A municipal trial court has ordered the Quezon City government to pay PHP6 million (US$118,323) to the families of hundreds of people who died in a garbage avalanche that occurred in 2000 at the Payatas dumpsite.
In a 133-page decision, the Quezon City Regional Trial Court Branch 97 to pay each of the 56 heirs of the victims PHP50,000 (US$986) in temperate damages, PHP50,000 in moral damages, and PHP10,000 (US$197) in exemplary or corrective damages, GMA News reports. The court also ordered the Quezon City government to pay PHP100,000 (US$1,968) in legal fees to the plaintiffs.
The court decision was dated Oct. 30, 2019, but was only released to the media today.
The same court cleared Tofemi Realty Corporation, Meteor Company Inc., Ren Transport, and the Metropolitan Manila Development Authority (MMDA) of negligence. Tofemi and Meteor owned the land on which the dumpsite was located, which they leased to the Quezon City government. Ren Transport, one of the many haulers that brought garbage daily to the area, was not the only one present at the dumpsite. The MMDA was exonerated because it did not manage the dumpsite.
In July 2000, a garbage avalanche at the dumpsite buried at least 232 people alive. The dumpsite, which closed in 1998 but reopened shortly after, was located near a community called Lupang Pangako, whose residents were sleeping when they were buried underneath the garbage.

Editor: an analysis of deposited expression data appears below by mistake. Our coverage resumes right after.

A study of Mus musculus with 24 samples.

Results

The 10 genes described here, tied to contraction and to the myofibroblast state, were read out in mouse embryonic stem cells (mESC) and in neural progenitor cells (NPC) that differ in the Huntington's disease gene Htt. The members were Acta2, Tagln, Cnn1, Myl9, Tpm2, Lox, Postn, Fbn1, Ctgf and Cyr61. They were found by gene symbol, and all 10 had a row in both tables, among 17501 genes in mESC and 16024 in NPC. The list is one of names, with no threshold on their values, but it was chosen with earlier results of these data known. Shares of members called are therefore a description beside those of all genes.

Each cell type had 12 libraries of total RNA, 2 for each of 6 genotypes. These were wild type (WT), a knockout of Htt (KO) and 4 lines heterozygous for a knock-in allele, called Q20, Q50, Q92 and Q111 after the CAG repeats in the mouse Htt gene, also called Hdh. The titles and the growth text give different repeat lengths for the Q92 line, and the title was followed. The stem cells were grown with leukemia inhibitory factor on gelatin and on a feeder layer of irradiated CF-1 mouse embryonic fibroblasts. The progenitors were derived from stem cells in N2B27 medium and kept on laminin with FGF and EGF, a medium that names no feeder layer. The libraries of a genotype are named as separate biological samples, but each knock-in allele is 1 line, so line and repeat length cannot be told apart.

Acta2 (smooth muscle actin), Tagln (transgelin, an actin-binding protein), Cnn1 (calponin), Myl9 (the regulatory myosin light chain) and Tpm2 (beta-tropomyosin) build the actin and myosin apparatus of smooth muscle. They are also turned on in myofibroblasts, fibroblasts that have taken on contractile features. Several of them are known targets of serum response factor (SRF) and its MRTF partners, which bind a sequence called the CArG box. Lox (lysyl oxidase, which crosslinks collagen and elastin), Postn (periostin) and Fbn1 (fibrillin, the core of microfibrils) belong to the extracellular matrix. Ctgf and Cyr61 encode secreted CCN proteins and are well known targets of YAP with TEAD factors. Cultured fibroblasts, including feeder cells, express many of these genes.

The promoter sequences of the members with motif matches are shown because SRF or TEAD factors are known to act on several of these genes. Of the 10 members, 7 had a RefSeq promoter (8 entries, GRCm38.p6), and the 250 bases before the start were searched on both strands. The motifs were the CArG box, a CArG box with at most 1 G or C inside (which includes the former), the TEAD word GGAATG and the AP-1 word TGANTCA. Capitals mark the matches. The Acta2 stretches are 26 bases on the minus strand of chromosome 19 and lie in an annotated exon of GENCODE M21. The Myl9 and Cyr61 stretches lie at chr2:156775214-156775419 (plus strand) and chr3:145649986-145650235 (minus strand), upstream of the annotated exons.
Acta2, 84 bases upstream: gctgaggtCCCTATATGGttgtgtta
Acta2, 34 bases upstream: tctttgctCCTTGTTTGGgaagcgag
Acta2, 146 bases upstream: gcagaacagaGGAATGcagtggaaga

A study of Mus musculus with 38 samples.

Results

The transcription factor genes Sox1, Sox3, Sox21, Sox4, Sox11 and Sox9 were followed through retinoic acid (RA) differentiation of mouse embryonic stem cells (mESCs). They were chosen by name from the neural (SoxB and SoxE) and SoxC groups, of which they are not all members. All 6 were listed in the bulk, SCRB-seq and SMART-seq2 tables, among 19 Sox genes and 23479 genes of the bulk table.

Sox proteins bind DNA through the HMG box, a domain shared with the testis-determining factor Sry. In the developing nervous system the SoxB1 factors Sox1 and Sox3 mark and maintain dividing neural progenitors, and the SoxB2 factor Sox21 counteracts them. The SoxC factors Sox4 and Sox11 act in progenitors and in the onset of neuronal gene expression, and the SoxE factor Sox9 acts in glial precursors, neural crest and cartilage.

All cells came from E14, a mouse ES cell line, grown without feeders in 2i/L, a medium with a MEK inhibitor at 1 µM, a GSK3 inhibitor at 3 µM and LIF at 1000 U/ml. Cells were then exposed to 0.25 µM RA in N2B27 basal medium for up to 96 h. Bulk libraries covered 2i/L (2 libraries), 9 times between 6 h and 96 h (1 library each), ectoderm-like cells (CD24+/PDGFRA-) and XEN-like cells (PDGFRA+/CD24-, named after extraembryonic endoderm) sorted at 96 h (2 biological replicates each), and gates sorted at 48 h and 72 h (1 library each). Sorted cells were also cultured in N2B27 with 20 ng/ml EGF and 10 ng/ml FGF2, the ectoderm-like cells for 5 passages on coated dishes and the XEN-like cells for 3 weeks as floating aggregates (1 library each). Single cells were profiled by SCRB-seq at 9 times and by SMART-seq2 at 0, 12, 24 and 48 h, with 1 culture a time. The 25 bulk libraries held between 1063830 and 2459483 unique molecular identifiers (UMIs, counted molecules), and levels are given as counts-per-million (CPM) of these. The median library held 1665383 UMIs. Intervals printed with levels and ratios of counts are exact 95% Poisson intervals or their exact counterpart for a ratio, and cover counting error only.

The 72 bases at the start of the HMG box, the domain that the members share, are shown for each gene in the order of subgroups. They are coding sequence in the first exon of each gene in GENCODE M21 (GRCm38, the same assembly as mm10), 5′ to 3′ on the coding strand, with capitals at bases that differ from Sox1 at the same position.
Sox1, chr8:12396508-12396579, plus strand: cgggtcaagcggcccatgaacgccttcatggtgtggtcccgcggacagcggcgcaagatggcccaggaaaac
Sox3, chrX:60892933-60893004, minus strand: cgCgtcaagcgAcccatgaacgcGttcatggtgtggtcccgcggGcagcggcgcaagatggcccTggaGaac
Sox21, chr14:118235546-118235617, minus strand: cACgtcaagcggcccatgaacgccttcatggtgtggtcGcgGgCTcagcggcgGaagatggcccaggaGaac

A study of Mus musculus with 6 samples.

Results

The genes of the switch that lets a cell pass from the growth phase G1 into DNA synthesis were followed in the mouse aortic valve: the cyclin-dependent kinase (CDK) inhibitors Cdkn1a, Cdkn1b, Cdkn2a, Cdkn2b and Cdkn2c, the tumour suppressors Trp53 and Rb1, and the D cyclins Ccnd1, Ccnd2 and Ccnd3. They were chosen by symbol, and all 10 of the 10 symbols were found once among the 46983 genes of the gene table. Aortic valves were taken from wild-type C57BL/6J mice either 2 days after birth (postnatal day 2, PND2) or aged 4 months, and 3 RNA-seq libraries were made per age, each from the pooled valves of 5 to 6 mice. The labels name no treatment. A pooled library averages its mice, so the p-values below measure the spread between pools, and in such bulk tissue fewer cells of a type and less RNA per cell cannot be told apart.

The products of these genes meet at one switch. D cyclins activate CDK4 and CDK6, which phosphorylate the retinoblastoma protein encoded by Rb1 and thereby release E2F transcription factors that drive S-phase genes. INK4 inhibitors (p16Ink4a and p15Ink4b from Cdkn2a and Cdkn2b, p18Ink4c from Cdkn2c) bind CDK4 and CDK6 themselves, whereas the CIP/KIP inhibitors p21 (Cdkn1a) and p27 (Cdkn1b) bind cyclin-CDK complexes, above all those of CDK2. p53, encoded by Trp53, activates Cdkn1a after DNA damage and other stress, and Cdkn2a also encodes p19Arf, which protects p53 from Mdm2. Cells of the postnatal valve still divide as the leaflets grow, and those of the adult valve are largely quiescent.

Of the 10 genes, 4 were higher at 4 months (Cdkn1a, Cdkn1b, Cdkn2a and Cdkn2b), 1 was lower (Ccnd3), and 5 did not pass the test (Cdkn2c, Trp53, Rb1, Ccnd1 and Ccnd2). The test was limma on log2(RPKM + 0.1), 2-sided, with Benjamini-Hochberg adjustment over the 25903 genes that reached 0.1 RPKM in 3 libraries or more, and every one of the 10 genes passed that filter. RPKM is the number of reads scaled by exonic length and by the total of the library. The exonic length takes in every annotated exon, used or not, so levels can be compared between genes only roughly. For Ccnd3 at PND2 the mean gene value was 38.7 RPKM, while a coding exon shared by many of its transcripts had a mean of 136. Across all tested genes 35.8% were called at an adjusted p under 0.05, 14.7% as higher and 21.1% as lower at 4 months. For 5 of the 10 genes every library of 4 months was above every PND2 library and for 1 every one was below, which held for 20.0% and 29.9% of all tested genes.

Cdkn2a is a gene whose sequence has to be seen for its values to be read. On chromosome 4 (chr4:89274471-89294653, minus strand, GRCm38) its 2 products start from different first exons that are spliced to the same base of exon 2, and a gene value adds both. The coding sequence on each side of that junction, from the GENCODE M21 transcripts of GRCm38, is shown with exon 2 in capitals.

Judge Marilou Runes-Tamang , “The mountain-like trash in itself is a testament of the city government’s gross negligence in the management and operation of the dumpsite.”
“The improper and irresponsible dumping of waste thereby creating a mountain-like pile of garbage is the proximate cause of the violent death of the victims and loss of personal and real properties,” she added.
“An examination of the records supports the conclusion that while the plaintiffs did not evacuate and seek for higher and safer place at the onset of the raging typhoons, the negligence of the City Government of Quezon City in failing to maintain an adequate and suitable facility for solid waste disposal, as well as in allowing the heaps of garbage to rise to such immense height, was the proximate cause of the loss of lives and properties,” she said.
Meanwhile, lawyers for the plaintiffs from the Public Interest Law Center lauded the judgment in a statement.
“The decision, if read meticulously and with laws such as the Ecological Solid Waste Management Act deeply associated with this tragedy, helps shape a template for local governments in averting and managing disasters,” they said.